Melissa Anne Martin

August, 2009

Soon-to-Open Butterfly House & Insectarium Brings the Rainforest Home to Dallas, Texas
 Texas Discovery Gardens at Fair Park is proud to announce the opening of a year-round tropical butterfly house that will showcase butterflies, bugs and botany.   Opening Sept. 12, 2009, the newly remodeled Rosine Smith Sammons Butterfly House and Insectarium will house the only year-round tropical butterfly house in North Central Texas. The two-story conservatory will showcase up to 500 species of free-flying butterflies, as well as aquatic and other interesting insects.  The butterfly house will open its doors with a diversity of butterflies native to Texas, including the striking zebra longwing that is featured on the logo. By January 2010, tropical butterflies will be phased in, including the popular blue morpho and malachites.  

Tropical plants going into the butterfly house include palms, gingers, bromeliads, and many species of nectar plants. Highlights for trees include the Autograph Tree and Jamaican Rain Tree. The plants will be organically maintained, in keeping with the Texas Discovery Gardens mission.

 As part of the renovations, we will also open our new EarthKeepers® Children’s Classroom to expand young minds through hands-on scientific observation.  Texas Discovery Gardens is one of the oldest botanical institutions in Texas and is the first public garden in Texas to be certified organic. Our mission continues to grow with the addition of our organically-maintained butterfly house. Vision and Generosity… The Rosine Smith Sammons Butterfly House and Insectarium is funded in part by the Rosine Foundation Fund of Communities Foundation of Texas. Through the vision and generosity of Mrs. Sammons' daughter, Mary Anne Cree, a three million dollar lead gift was made in honor of her mother's love of butterflies and nature. The City of Dallas has supported the mission of Texas Discovery Gardens at Fair Park by awarding $4.7 million in bond funds to this project. We’d also like to give a big thanks to our wonderful sponsors for Grand Opening events, including Calloway’s Nursery, Half Price Books, Preservation Tree Services, Starbucks and WRR 101.1 FM. Quick Facts about the Rosine Smith Sammons Butterfly House and Insectarium The Logo
  • The butterfly house logo was designed by Lynna Bartosh, a student at the Art Institute of Dallas. Texas Discovery Gardens worked in conjunction with the student-run Design Development Team in the spring of 2009. Each student made a design for the logo, and Lynna’s was picked as the winner.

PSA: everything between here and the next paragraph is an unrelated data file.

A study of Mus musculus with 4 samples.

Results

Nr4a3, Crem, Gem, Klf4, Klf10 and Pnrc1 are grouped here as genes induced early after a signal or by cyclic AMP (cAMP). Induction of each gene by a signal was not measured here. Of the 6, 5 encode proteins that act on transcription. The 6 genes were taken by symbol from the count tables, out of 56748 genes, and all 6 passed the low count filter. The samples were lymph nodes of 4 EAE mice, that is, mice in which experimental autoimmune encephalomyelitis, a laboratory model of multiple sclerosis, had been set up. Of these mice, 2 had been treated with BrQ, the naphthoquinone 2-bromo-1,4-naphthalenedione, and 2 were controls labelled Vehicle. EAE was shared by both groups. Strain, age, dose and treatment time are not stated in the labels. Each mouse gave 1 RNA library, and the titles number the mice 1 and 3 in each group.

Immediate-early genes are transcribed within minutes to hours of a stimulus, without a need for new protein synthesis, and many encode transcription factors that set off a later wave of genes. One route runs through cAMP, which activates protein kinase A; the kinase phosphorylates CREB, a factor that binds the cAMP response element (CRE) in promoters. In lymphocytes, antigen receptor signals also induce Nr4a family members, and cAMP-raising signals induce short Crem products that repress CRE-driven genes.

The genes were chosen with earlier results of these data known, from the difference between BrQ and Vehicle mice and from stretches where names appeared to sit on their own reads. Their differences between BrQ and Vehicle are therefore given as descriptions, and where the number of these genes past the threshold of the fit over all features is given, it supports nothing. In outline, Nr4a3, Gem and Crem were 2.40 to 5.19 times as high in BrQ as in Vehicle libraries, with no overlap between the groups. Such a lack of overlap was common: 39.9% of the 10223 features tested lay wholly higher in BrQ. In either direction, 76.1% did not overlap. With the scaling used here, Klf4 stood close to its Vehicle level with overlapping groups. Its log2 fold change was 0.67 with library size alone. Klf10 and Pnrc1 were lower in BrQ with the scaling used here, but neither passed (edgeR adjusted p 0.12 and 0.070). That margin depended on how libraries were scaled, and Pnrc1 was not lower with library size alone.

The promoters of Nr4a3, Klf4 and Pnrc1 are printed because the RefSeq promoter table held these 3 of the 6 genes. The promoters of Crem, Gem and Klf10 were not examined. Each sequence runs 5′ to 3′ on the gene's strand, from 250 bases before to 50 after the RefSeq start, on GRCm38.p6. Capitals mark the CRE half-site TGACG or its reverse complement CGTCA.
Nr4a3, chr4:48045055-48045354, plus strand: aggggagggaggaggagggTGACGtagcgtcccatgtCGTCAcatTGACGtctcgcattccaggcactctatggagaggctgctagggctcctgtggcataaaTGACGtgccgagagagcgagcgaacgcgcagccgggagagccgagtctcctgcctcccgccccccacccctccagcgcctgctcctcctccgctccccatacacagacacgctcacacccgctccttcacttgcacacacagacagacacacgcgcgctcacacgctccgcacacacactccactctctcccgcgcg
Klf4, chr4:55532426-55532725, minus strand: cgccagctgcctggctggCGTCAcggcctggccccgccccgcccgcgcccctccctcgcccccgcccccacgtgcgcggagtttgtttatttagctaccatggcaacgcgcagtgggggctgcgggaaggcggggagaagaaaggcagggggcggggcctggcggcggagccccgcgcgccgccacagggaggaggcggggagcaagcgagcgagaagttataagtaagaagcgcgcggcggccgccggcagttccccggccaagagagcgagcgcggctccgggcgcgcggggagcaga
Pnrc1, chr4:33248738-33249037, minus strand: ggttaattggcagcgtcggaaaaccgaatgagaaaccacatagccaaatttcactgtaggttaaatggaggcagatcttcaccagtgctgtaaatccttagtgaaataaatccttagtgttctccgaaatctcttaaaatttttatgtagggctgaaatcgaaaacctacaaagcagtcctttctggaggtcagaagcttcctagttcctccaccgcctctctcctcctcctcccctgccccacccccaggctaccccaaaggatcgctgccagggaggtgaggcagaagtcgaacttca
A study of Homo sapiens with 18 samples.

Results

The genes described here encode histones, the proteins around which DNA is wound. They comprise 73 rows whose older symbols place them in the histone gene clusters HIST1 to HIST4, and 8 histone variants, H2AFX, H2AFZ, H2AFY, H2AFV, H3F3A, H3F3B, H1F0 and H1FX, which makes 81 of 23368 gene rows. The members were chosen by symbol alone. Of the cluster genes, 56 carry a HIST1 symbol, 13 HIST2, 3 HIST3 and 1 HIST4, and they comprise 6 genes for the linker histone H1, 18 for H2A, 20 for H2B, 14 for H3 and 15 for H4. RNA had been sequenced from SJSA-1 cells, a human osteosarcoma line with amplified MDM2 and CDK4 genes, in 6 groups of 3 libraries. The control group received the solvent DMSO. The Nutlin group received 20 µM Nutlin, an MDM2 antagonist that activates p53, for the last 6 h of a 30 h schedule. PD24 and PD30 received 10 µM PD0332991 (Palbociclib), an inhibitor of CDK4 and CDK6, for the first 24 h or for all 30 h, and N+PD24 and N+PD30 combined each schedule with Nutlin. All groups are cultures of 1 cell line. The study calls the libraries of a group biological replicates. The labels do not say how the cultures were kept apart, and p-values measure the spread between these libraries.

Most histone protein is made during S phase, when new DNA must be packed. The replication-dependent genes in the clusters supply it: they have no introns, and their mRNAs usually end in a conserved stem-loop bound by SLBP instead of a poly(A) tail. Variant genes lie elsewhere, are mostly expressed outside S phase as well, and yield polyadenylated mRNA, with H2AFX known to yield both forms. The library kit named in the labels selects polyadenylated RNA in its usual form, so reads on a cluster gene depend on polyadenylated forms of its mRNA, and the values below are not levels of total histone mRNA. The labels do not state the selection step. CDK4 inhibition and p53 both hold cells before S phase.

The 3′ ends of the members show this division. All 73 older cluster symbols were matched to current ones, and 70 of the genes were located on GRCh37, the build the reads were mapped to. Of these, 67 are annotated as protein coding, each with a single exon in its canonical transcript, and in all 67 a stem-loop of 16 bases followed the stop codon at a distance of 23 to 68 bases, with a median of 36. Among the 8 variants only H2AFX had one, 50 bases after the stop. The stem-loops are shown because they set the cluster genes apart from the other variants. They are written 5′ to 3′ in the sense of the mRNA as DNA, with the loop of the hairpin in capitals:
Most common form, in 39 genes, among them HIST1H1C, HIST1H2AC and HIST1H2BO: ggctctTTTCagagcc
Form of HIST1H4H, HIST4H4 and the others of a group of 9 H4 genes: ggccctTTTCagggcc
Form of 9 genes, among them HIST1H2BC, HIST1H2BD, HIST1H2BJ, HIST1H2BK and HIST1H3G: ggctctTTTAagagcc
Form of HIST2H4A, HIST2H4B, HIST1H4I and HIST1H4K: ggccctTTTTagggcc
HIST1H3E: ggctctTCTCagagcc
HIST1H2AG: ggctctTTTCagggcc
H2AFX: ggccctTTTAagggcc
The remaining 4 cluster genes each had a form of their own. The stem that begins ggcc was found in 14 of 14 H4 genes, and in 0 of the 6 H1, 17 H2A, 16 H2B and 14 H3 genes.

The Zebra Longwing
  • The logo features zebra longwing butterflies because of their connection with native and tropical butterflies. These black and white butterflies are native to Mexico and south Texas, although a few occasionally make their way as far north as Dallas.
  • Zebra longwings live longer than most butterflies. They survive up to several months by eating protein-rich pollen. Special enzymes in their proboscis, or tongue, allow them to digest it.
  • The host plant for zebra longwings is passion vine, which we feature in our native butterfly garden. To get a close-up view of the entire lifecycle of the zebra longwing, visit our butterfly house and enjoy the two-story mural depicting each stage.
 The butterflies
  • We are waiting on the completion of the permit process to hold tropical butterflies like the blue morpho. We will kick of our exhibit in September with colorful native butterflies like the monarch, queen, swallowtails, and zebra longwings.
  • Tropical butterflies will be shipped to us each week as pupae. Because they are livestock from outside of the United States, they must be regulated by the USDA.
  • We get shipments of butterflies from family-owned farms in North, Central and South America, as well as Asia.
  • For more than twenty years, butterfly farmers and ranchers around the world have been breeding butterflies and exporting them to butterfly houses.  Butterfly farming has become an industry, and in doing so, it has created an incentive to tropical breeders to preserve the rainforest.  While promoting conservation, butterfly farming may also be boosting wild populations of tropical butterflies in their native lands.
  • Visitors will see butterflies emerge from their chrysalides with our emergence chambers.
  • New butterfly species are shipped weekly. There will always be a rotating array of butterflies. 
 Opening Weekend
  • The weekend begins at 9:45 am Saturday, Sept. 12, when WFAA’s Gloria Campos will lead a ribbon cutting.
  • Timed tickets to the Butterfly House will be sold Saturday and Sunday until 4:30 pm.
  • Children’s crafts by the Junior League of Dallas will keep kids entertained all weekend.
  • James French photography will be on hand to help families commemorate the occasion. Prints are $20, with a portion of the proceeds benefiting Texas Discovery Gardens’ EarthKeepers® Children’s Education Program.
  • Local musicians, dancers and singers will perform all weekend. Highlights include the Lake Highlands Wildcat Wranglers, butterfly balloons made by John Rainone, and more.